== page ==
Diathermy is a therapeutic technique that uses electric currents, such as radio and sound waves, to generate heat deep within the skin. The term “diathermy,” which means “deep heating,” helps relax muscles and joints, reduce inflammation and swelling, and improve blood circulation.

Electric currents flow when electrons move between atoms. Electric currents are not visible to the human eye because atoms are the smallest particles in existence. When electrons transfer between atoms, heat is produced. This process can be likened to a relay race, where atoms pass electrons like batons. Through this activity, atoms engage in a form of physical movement. Similar to how running with a baton generates body heat through exertion, the movement of atoms passing electrons generates heat.

Types of diathermy treatment

Diathermy treatments, which generate deep heat using various energy methods, can be classified into three main types:

  • Short-wave diathermy: This method delivers electromagnetic currents into your tissues, generating heat through short bursts or pulses of energy, similar to ocean waves. It is also referred to as radio-wave diathermy or high-frequency diathermy.
  • Microwave diathermy: This technique uses very small electromagnetic waves, similar to those in a kitchen microwave oven, to produce heat within your tissues.
  • Ultrasound diathermy: This approach sends sound waves into your tissues, causing them to vibrate and generate heat.

Another form of diathermy is surgical diathermy. This technique employs high-frequency currents to cut tissue or clot blood during surgical procedures.

Reasons for undergoing the procedure

A diathermy treatment may be appropriate for you if you:

  • Experience chronic pain, muscle stiffness, tension, or muscle spasms.
  • Would like to recover from a strain or sprain more quickly.
  • Would like to enhance blood circulation in a certain bodily part.
  • Be suffering from an inflammatory condition.

Consult a medical professional to determine whether diathermy treatment is a good fit for you.

Diathermy can be used to treat the following conditions:

  • Chronic pain
  • Stiff muscles
  • Muscle spasms
  • Sprains and strains
  • Arthritis
  • Fibromyalgia
  • Edema


The most common risk associated with diathermy treatment is a burn from the machine. The device generates heat within your tissues, and prolonged exposure in one area can lead to burns. To mitigate this risk, your doctor will monitor your treatment closely to ensure it is both safe and effective.

During the procedure, electric currents flow through your body, which can result in a painful shock if you come into contact with metal. Inform your doctor if you have any metal implants, such as a pacemaker, as metal can react adversely with the diathermy machine and cause injury.

Before the procedure

Prior to undergoing a diathermy procedure, your doctor will instruct you to remove all metal items from your body. This precaution is necessary because metal can interact with the diathermy machine. You’ll need to take off jewelry and clothing containing metal components, such as glasses, earrings, and pants with zippers. In some cases, you may be provided with a gown to wear during the procedure.

Depending on the treatment area, your doctor will have you sit or lie down on a specialized, metal-free chair or table. They will then position the diathermy machine near the targeted area on your body.

During the procedure

During a diathermy procedure, a machine delivers a high-frequency electric current to a specific part of your body.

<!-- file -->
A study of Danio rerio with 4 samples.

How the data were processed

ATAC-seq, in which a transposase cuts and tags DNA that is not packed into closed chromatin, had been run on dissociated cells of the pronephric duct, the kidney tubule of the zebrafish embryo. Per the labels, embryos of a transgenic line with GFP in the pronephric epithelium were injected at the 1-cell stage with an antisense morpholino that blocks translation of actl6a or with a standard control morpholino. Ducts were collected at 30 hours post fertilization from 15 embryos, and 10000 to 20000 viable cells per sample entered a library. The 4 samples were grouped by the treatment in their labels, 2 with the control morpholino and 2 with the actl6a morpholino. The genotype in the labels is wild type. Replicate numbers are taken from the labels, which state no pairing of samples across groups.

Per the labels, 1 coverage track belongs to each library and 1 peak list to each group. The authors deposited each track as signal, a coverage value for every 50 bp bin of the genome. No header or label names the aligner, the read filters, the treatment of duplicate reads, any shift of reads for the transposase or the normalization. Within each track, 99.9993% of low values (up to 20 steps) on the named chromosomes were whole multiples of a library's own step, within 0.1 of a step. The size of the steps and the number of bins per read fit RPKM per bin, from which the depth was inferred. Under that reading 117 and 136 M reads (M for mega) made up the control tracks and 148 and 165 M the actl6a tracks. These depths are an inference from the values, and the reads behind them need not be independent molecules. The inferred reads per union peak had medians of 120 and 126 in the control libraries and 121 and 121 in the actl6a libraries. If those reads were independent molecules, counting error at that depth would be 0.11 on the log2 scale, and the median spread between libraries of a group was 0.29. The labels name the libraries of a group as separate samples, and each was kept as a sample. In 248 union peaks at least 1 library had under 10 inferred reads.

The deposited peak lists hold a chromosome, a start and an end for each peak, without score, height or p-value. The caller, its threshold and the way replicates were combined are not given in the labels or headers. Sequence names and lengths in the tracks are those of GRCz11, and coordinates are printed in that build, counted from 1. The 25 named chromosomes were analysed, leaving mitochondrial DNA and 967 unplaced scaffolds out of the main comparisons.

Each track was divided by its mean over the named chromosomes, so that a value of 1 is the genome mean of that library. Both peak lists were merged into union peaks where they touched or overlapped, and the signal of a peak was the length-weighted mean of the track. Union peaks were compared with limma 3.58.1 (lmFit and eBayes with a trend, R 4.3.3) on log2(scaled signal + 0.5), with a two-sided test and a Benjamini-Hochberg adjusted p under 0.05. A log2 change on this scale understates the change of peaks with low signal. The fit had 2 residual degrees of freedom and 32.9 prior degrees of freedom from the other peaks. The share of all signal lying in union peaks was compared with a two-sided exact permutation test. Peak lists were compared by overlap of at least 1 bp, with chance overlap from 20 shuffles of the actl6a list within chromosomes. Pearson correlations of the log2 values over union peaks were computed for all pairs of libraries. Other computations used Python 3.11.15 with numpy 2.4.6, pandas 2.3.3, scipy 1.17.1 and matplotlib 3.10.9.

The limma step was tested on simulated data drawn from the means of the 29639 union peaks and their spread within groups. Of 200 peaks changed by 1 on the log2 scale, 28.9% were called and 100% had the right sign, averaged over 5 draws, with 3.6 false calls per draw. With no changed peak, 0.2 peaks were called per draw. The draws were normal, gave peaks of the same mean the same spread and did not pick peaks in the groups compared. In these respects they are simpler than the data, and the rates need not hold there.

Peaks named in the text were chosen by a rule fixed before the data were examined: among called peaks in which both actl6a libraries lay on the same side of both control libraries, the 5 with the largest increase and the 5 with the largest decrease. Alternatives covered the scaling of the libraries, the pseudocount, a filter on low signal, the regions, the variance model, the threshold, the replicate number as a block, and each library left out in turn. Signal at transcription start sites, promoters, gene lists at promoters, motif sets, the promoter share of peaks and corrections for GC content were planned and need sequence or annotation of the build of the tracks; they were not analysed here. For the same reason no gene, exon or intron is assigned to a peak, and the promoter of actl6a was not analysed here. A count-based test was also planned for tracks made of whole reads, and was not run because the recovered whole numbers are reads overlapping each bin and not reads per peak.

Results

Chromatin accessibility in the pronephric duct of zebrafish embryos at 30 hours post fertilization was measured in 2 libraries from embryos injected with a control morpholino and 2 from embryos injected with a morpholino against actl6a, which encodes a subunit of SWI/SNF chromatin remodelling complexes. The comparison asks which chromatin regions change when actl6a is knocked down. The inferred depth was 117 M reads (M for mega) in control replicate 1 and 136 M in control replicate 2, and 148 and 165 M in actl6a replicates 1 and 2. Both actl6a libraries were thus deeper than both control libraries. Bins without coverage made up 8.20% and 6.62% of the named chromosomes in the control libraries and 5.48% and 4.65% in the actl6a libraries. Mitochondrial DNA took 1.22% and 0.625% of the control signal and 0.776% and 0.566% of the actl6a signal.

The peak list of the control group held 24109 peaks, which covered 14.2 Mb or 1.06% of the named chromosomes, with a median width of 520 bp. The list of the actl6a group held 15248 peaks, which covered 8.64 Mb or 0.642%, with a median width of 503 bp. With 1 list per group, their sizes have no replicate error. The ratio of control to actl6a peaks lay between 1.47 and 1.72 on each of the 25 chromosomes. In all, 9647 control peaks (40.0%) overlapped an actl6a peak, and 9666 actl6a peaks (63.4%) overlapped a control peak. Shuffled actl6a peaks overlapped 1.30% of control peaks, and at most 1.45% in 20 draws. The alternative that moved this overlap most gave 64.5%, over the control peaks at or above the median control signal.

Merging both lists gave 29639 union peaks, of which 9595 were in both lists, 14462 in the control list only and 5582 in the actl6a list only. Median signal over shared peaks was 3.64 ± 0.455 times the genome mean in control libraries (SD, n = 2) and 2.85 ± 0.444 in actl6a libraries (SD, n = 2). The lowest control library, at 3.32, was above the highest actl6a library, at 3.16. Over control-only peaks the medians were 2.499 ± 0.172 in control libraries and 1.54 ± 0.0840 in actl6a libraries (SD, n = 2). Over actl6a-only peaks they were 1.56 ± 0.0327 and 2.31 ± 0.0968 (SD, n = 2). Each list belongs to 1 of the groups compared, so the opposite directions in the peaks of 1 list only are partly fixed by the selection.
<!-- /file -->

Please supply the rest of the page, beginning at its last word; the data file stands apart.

The specifics of each diathermy procedure can vary depending on the type, including:

  • Short wave: Radio waves are passed beneath your skin by a short-wave diathermy machine using electrodes, which are two plates positioned on your front and back, respectively. Since the radio waves are contained in the plates, they remain in one place.
  • Microwave: A lamp-like, large, flexible applicator is used in a microwave diathermy machine. In order to treat the affected area of your body, your therapist will position the applicator in close proximity to your skin. The applicator will emit microwaves that will heat the tissues under your skin.
  • Ultrasound: This procedure is comparable to an ultrasound exam in that it involves applying gel to your skin and using an ultrasound probe to send sound waves beneath it. Your tissues vibrate in response to these sound waves, producing heat.

During a diathermy procedure, the machine does not heat your entire body like an electric heater would. Instead, it emits an electric current that activates atoms in a specific part of your body, causing electrons to move between atoms and generating heat in that localized area. This results in a sensation of warmth radiating from the treated area.

The duration of a diathermy procedure can vary depending on the type, typically lasting around 15 to 20 minutes. In cases of more severe symptoms, the procedure may require a longer duration.

Throughout the procedure, it’s important to relax and remain very still while the diathermy machine delivers heat deep into your tissues.

After the procedure

After a diathermy procedure, you may experience some changes due to the effects of the treatment. This might include:

  • A reduction in tension or pain.
  • Muscles at ease.
  • The temperature in the treated area is raised.
  • Swelling is reduced.
  • A greater range of motion and flexibility.
  • Faster recovery from sprains and strains.


Following most diathermy sessions, you can generally resume your regular activities immediately afterward. Depending on your specific condition, you may need multiple diathermy treatments. Your doctor will provide a treatment plan outlining the frequency needed to support your recovery.

Diathermy is commonly used as a complementary treatment and is often paired with other therapies like physical therapy.